Culture

Beautiful Aussie Films That’ll Inspire You To Travel Your Own Backyard

Brought to you by Qantas

This feature is brought to you by Qantas, who are proud to play a part in bringing travellers together with the people they love from around Australia and across the globe.

We Aussies are totally spoilt, with natural wonders galore, incredible coastlines, spectacular bushland, charming small towns, and cities brimming with culture, all in our backyard.

So it’s little wonder that Australia has inspired so many iconic films.

A recent report from Screen Australia estimated at 230,000 tourists visit or extend their stay in Australia each year as a result of viewing Australian and film TV content, pumping around $725 million into the local economy.

So, if you’re searching for a little inspiration to get out and discover your own backyard? Start by exploring the real-life filming locations of these five iconic Australian flicks.

#1 Storm Boy (2019)

Based on the Colin Thiele novel of the same name, the Storm Boy movie re-make follows the story of a young boy growing up on the coastline of South Australia.

The film was shot along the Coorong National Park, about an hour outside Adelaide in South Australia, but isn’t just famous for being the setting of Storm Boy – its unspoilt coastline and abundance of wildlife has made it one of South Australia’s most-visited destinations.

The Coorong is located at the end of the Murray River, where it meets the Southern Ocean and stretches around 200kms to Kingston in the southeast of the state.

While you’re there, visit Coorong National Park. There’s loads to do, like camping on the edge of the wild ocean, kayaking in The Coorong’s many lagoons, exploring the sand dunes, 4WD-ing, bird-watching, and fishing – or simple kick back and soak up the sights.


#2 Mad Max (1979)

The 1979 dystopian action film Mad Max was shot in and around Melbourne. Many of the car chase scenes for the film were shot near the town of Little River in northeast Geelong.

Victoria’s Princes Freeway took passing traffic away from Little River, and today it’s completely untouched by suburban sprawl – a charming station township surrounded by fields, the river and the You Yangs mountain range.

This metro-escape is just a 45-minute drive or train ride from Melbourne  an easy stopover on your way down the Bellarine Peninsula or Great Ocean Road.


#3 Red Dog (2011)

Red Dog, the 2011 comedy-drama based on the novel of the same name, follows the story of one amazing  doggo and the impact he had on a local Aussie community.

The story of Red Dog was originally set in the Pilbara region of Western Australia, but due to prohibitive costs of shooting in outback WA, the film ended up being shot in a dusty caravan park about an hour north of Adelaide.

With the help of some movie magic – and 14 truckloads of red sand – the site was transformed to look like the Western Australian outback.

But, if you thought it looked impressive on screen, it doesn’t hold a candle to the real thing.

Western Australia’s Pilbara region is home to Karijini National Park – Western Australia’s second largest park. Here, you can explore cavernous, ancient gorges, scale some of the oldest rocks on the planet, paddle in crystal-clear waterways, and cool off with a swim beneath cascading waterfalls.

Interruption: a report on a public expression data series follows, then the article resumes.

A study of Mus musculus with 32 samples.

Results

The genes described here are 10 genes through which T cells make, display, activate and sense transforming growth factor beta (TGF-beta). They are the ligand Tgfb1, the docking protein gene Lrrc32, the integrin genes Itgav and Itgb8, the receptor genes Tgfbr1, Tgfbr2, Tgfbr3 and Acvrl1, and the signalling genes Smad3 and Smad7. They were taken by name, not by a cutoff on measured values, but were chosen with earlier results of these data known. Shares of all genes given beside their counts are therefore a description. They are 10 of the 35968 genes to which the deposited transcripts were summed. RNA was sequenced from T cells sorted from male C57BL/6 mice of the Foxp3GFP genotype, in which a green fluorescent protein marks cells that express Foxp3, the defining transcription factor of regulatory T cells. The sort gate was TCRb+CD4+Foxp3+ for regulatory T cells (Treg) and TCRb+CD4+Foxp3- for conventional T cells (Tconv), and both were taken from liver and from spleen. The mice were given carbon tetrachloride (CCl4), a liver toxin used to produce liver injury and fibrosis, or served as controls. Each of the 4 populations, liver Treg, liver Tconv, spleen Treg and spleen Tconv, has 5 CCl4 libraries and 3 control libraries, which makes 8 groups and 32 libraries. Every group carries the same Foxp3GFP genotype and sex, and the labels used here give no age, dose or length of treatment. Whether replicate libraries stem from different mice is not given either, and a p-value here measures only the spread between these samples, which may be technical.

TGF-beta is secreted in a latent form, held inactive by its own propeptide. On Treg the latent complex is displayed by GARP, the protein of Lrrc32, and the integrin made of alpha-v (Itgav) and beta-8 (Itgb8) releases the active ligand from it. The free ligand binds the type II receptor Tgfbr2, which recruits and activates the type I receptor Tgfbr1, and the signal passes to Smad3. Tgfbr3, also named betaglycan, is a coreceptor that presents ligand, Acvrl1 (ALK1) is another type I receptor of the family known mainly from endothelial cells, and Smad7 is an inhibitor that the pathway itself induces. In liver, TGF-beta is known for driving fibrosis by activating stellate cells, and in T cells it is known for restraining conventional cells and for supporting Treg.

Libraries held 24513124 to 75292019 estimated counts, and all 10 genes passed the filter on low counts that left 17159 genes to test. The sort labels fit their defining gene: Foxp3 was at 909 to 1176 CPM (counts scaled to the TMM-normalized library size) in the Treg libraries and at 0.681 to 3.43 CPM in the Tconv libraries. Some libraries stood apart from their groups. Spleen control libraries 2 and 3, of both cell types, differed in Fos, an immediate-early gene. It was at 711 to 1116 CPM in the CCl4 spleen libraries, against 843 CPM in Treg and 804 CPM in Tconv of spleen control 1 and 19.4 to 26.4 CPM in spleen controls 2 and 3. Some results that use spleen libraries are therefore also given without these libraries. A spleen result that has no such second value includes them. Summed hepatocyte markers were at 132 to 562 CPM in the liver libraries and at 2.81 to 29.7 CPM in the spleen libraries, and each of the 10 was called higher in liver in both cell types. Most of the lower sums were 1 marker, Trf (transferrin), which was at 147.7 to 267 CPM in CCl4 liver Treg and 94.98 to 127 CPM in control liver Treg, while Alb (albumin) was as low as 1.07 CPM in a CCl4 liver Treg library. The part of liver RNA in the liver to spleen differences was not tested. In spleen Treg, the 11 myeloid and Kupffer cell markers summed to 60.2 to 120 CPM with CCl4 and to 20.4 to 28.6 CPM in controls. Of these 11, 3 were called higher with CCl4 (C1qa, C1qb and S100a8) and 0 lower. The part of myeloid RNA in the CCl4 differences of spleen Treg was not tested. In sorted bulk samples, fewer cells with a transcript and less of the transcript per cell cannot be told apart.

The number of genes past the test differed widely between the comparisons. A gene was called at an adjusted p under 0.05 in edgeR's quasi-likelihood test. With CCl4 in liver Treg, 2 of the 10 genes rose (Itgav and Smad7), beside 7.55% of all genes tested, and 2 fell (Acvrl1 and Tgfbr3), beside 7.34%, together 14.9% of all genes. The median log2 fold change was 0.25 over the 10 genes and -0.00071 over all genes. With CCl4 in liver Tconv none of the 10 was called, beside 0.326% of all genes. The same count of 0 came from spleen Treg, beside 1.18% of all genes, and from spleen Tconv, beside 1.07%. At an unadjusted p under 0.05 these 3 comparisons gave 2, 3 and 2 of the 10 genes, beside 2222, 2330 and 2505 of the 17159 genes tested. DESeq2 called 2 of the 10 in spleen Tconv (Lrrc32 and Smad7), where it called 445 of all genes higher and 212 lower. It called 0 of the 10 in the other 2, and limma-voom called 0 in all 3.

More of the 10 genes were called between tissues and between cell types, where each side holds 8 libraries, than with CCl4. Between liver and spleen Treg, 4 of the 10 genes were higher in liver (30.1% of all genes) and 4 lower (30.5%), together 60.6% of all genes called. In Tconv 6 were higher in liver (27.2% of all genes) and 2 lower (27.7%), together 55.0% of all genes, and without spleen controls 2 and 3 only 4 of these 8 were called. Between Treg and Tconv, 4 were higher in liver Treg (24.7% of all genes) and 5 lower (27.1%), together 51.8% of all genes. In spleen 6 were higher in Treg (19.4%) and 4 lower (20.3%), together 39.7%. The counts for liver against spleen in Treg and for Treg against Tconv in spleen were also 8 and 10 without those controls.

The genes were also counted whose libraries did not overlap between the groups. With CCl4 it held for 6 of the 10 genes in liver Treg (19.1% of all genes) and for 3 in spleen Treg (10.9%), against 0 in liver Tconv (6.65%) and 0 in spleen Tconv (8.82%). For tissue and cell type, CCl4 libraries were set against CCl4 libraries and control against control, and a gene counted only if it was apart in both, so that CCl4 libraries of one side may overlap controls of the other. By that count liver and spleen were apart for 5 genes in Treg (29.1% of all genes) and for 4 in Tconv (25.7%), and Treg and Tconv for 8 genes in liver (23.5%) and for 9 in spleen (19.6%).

The park is home to an amazing network of walking trails, ranging from easy to challenging, which wind through some of Australia’s most drool-worthy scenery.


#4 Bran Nue Dae (2009)

The 2009 feel-good musical Brand Nue Dae tells the story of the coming-of-age of an Indigenous Australian teen on a road trip in the late ‘60s. Between incredible musical numbers and choreographed dances, Brand Nue Dae showcases the beautiful Western Australian town of Broome, where it was set.

You’ll find the beach resort town in Australia’s Kimberly region, and it’s home to some of Australia’s most sought-after scenery. The first thing (or at least high up) on your Broome bucket list has to be experiencing a Western Australian sunset at Cable Beach. The falling of the golden sun disappearing into water is one of those sights you’ll simply never forget.


#5 The Sapphires (2004)

The Sapphires – the musical-comedy based on the 2004 stage play of the same name – follows the stories of four Indigenous Australian women who were discovered by a talent scout and formed into a girl group sent to sing for the troops during the Vietnam war.

The film was set and filmed in Albury, NSW, and its surrounding towns Corowa, Howlong, Culcairn, Henty and Morven.

Albury is often passed over as a much-needed stop for sleepy-eyed drivers on their way from Sydney or Melbourne, but this town has certainly proved itself as more than just a place to crash.

It’s quickly becoming one of the best regional towns in NSW for a weekend getaway. It’s home to a brand-new modern art gallery in the town’s centre, a beautiful botanic garden and is just a short drive from Murray River Trail – a track connecting some of NSW’s most sought-after natural wonders.

Don’t waste another weekend away at home, get out there and explore your own backyard with Qantas. Find great domestic fares at qantas.com, with food, Qantas Points, and checked baggage included in your Qantas ticket.*

*Inclusions vary on selected flights.

(Lead image: Storm Boy / Screen Australia)

Brought to you by Qantas

This feature is brought to you by Qantas, who are proud to play a part in bringing travellers together with the people they love from around Australia and across the globe.